Apple’s iPhone product is one of the most talked about pieces of kit in recent memory, but according to a survey conducted by market research firm Markitecture, the majority of those who know about the iPhone have no plans on buying it.

Markitecture said that it surveyed a nationally representative sample of 1,300 people who both owned their own cell phone and were responsible for the monthly payments. 77 percent of respondents were at least slightly familiar with the iPhone, and 41 percent had a good impression of the iPhone based on everything they had seen or heard.

Interestingly, familiarity with the iPhone is positively correlated with overall impression - strength of impression increases dramatically with increased exposure – 83 percent of those very familiar with the iPhone had an excellent or very good impression of the product.

Despite the relatively strong impression overall, six percent of those who were aware of the iPhone said they were likely to buy it within the next year. Two-thirds of the same group said that there was zero chance they would purchase the product.

For some industries, six percent market share is failure, but not so for mobile phones. Markitecture says that the highly successful Motorola RAZR after its launch in 2004 achieved a six percent market share at its peak.

As for reasons for not purchasing the iPhone, the $500-600 cost was cited as the top reason. The second issue was not specific to the iPhone however, as respondents cited carrier issues and/or contracts.

Microsoft CEO Steve Ballmer already has his own forecast on Apple’s cell device, saying to USA Today, “There's no chance that the iPhone is going to get any significant market share. No chance. It's a $500 subsidized item. They may make a lot of money. But if you actually take a look at the 1.3 billion phones that get sold, I'd prefer to have our software in 60% or 70% or 80% of them, than I would to have 2% or 3%, which is what Apple might get.”

By Vanilla Thunder on 5/2/2007 3:49:16 PM , Rating: 2
Is provided by my Sony Ericsson W810i. There is nothing I would need to do with my phone that this handset isn't stellar at. I highly recommend it for anyone looking for a multi function phone without jumping into a full on smart phone.


RE: All I need in a phone....
By AlexWade on 5/2/2007 4:47:59 PM , Rating: 2
I just got a new W810i. And it is awesome, despite Ericsson getting support from Sony now. Anyway, I bought an overpriced 4GB Memory Stick (because this is a Sony product, and thus they can't use cheaper common standards) and loaded a ton of songs onto it. Now I have all the music I'll ever need for a lot less and lot smaller.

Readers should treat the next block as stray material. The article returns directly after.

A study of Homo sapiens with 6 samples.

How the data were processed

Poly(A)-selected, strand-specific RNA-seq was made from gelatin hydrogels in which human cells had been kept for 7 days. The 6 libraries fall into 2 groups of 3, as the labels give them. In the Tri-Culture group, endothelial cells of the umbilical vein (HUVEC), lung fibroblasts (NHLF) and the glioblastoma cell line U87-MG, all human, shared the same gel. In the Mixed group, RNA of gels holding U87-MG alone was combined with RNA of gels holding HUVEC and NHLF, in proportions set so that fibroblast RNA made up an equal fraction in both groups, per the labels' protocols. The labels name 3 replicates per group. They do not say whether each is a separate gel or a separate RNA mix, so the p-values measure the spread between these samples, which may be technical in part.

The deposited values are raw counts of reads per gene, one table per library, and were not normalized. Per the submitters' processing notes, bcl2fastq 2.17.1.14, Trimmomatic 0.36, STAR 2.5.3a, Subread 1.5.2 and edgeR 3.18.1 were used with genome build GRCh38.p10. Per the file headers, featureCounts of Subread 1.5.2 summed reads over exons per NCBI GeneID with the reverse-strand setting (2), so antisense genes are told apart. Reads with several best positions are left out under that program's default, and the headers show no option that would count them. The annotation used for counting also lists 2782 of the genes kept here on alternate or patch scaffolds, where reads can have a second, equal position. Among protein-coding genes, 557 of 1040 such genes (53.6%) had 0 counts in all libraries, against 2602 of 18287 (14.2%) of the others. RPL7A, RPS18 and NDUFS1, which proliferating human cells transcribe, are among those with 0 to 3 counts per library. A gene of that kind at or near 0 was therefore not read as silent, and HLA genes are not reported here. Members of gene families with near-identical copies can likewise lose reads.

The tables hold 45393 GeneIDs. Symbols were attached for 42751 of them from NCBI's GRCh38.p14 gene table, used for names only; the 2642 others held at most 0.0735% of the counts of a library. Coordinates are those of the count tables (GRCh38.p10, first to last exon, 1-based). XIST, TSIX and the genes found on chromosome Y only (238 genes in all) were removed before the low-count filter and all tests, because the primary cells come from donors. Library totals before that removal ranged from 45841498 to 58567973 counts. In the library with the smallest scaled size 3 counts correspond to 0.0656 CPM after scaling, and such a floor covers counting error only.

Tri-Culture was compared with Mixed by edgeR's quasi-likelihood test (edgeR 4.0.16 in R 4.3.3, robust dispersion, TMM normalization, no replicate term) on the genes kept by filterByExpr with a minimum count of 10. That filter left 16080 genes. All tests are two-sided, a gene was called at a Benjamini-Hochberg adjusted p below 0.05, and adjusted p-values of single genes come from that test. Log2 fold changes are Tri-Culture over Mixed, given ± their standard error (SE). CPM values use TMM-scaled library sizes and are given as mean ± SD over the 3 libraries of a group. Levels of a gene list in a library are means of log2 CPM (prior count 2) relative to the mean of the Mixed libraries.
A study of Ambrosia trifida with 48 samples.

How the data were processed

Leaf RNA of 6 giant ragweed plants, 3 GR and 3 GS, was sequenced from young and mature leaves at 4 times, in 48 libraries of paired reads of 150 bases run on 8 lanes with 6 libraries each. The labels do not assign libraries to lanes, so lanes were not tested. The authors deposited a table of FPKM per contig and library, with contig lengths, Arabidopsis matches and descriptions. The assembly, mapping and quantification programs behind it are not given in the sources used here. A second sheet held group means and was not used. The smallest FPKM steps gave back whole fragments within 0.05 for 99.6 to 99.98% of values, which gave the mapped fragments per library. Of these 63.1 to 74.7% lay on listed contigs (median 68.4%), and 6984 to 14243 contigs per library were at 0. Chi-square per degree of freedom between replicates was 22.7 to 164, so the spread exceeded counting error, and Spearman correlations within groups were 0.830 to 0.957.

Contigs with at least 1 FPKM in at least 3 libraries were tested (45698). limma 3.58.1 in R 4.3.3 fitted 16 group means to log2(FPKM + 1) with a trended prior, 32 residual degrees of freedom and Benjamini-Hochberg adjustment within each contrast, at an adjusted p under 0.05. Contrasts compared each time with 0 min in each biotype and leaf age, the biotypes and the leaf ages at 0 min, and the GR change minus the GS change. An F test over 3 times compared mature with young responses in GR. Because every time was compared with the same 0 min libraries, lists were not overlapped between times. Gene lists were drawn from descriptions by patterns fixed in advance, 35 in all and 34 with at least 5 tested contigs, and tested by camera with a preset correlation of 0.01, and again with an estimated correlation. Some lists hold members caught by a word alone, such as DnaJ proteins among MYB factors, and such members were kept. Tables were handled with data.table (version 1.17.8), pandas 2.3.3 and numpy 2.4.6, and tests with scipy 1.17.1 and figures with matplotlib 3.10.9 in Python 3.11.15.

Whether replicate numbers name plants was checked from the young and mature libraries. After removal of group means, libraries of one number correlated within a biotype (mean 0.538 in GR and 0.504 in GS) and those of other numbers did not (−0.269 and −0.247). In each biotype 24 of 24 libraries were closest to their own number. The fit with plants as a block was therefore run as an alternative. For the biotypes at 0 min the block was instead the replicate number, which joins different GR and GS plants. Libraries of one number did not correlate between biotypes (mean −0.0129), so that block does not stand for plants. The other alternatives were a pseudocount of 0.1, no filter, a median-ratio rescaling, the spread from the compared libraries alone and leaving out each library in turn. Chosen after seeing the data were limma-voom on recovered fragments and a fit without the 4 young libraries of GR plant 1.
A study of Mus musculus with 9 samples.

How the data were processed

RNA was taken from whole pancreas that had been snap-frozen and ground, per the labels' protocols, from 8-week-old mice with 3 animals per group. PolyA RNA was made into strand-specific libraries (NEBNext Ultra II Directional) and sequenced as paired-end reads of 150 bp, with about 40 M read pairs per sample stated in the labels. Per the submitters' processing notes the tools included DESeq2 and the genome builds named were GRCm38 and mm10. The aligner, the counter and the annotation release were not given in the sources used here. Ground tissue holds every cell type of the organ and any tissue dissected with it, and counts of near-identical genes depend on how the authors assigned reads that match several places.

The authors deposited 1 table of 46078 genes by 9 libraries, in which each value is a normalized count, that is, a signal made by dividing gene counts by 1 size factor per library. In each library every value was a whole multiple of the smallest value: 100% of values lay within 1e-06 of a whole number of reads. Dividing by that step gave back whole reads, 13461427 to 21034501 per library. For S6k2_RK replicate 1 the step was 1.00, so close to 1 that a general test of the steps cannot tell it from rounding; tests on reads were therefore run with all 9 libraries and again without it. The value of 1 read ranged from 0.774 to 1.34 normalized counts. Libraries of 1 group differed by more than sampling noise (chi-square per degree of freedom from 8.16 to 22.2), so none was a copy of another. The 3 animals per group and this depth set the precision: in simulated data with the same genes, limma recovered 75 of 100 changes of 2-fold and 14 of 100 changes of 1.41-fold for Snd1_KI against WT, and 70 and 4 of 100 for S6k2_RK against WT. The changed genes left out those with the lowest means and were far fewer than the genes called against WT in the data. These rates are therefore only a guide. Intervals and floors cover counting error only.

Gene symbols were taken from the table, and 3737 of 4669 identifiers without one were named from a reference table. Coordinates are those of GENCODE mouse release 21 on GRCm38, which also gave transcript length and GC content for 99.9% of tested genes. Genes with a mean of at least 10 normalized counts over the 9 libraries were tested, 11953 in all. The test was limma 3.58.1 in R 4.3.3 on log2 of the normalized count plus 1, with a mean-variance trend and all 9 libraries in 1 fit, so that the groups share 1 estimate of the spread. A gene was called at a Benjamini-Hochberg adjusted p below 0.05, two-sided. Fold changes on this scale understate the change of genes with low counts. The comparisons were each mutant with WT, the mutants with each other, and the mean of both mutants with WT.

Ericsson still makes the best phones. Too few people know about them because they are GSM only, and America isn't (but should be).

RE: All I need in a phone....
By Oregonian2 on 5/2/2007 7:12:22 PM , Rating: 2
Well, both Cingular and T-mobile are GSM in the US. But in any case I understand that CDMA that Verizon uses is superior technically in terms of not dropping calls (Can you hear me now...). But whatever.... :-)

RE: All I need in a phone....
By AlexWade on 5/2/2007 10:00:36 PM , Rating: 2
No network is perfect everywhere, period. Where I live, Cingular has been perfect. Customer service, on the other hand, sucks. But, I can live with them. Where I live, call quality on Cingular is second to no one.

Unfortunately, because the US isn't all GSM, we have discussions like this. Whereas Europe, which is all GSM, laughs at our sorry networks. The root of the problem is CDMA, which means less rural coverage because we have to have more towers. Competition in standards is very bad.

RE: All I need in a phone....
By Oregonian2 on 5/4/2007 9:28:32 PM , Rating: 1
I'm not sure what you mean. All of the US is GSM with two independent physical networks (Cingular and T-Mobile). My wife will be visiting Europe next week and where she's going has two major cell phone companies. Yes both are GSM, but that's the same number of major GSM networks that are here (already mentioned above). Just that we've more competition with (much) more than just two choices.